SANTA BARBARA, CA — In an unusual turn in opinion journalism, the San Francisco Chronicle published an editorial May 26 supporting a proposed ethics reform measure that would, among other things, require lawyers who lobby city government to publicly disclose whom they represent. In the general scheme of things, of course, it is unexceptional for a major daily newspaper to support governmental ethics reform of this sort. But in the general scheme of things, a major daily newspaper doesn’t usually have legendarily influential lawyer, political dealmaker, and former Mayor Willie Brown as one of its top columnists.
As I noted last month, Brown has raised more than a few eyebrows with his regular column in the Chronicle, a weekly compilation of about-town items called “Willie’s World.” In the column, Brown—a fabulously well-connected lawyer whose clout at City Hall is a matter of regular journalistic discussion—doesn’t just mention but often revels in his insider status, commenting on major city government business dealings with which he appears to have involvement, connection, or, at least, deep familiarity.
Until now, city ethics regulations have not required Brown to disclose his legal clients as he moves through the San Francisco halls of power, and the Chronicle apparently has not demanded disclosure, either, with Editor Ward Bushee saying that the newspaper’s ethics policy does not apply to Brown because he “is not a journalist or a member of the Chronicle’s news staff. He is a newsmaker who is politically active, of which our readers are quite aware.”
But last week, the Chronicle’s editorial page came out foursquare in favor of legislation that would force lawyers seeking to influence the city government to register as lobbyists and disclose their clients, which had not been unambiguously required previously. The legislation, drafted by City Attorney Dennis Herrera and Board of Supervisors President David Chiu, is no random effort. Although Herrera and Chiu have claimed the legislation is not aimed at a single person, news reports about it almost invariably focus on the former mayor, who has clashed in complicated political ways with Herrera and Chiu.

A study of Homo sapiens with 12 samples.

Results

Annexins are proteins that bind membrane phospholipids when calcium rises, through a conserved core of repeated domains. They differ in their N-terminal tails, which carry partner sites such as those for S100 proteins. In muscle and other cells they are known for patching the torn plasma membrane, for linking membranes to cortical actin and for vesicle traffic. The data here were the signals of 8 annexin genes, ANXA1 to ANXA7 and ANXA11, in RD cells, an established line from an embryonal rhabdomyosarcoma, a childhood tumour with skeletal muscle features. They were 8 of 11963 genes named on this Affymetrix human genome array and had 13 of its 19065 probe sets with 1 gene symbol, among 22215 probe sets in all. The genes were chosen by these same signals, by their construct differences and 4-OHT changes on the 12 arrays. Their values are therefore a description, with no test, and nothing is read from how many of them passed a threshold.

It is probably an understatement to call the Chronicle’s editorial unusual. In supporting the reform legislation, the editorial specifically mentions Brown and his role as a Chronicle columnist, explaining that, under the proposed legislation, “[a]ttorneys who act as lobbyists would need to register for the first time. … Among the name-brand figures who would be roped in by this change is former Mayor Willie Brown, a columnist for this newspaper. Because he’s a lawyer, he’s not now required to divulge his lobbying work.” The editorial does not, however, note another reality: The Chronicle has not required Brown to disclose his clients as a requirement for writing his column, either. In a sense, the editorial asks the city to take a stand on transparency that the paper has, to this point, avoided.
In response to an email inquiry, Chronicle editorial page editor John Diaz wrote:
The editorial on ethics reform mentioned Willie Brown because there is always so much speculation/intrigue/assumption about his continuing clout and role at City Hall. I have no sense of how this may or may not affect him, but our editorial position is that the measure should apply to all lawyers, and he is a lawyer. So I thought it was worth making that point in our editorial: We aren’t suggesting any exceptions, even for someone who happens to write a weekly column for our newspaper.
When asked if he would grant an interview, Diaz wrote, “That’s really the extent of my response, since I don’t work directly here with Willie Brown (we keep news and opinion pages separate).” He said that Publisher Frank Vega and Bushee “are in the loop on all editorials in advance of publication.” (The Hearst Corp., which owns the Chronicle, announced on May 23 that Vega is retiring as publisher but will remain as the paper’s chairman during a transition to new business-side leadership.) An email requesting an interview with Bushee was not answered.
In a 2011 article exploring the ethical terrain of “Willie’s World,” a veteran Chronicle journalist boiled the negative critique of Brown’s column down to a single pithy question: “Should the newspaper be in the business of helping an influence peddler peddle?” With its editorial last week, the Chronicle raised two others: What is the proper response to a newspaper that publishes a column by Willie Brown and offers advice on transparency in government? And does it have to include laughter?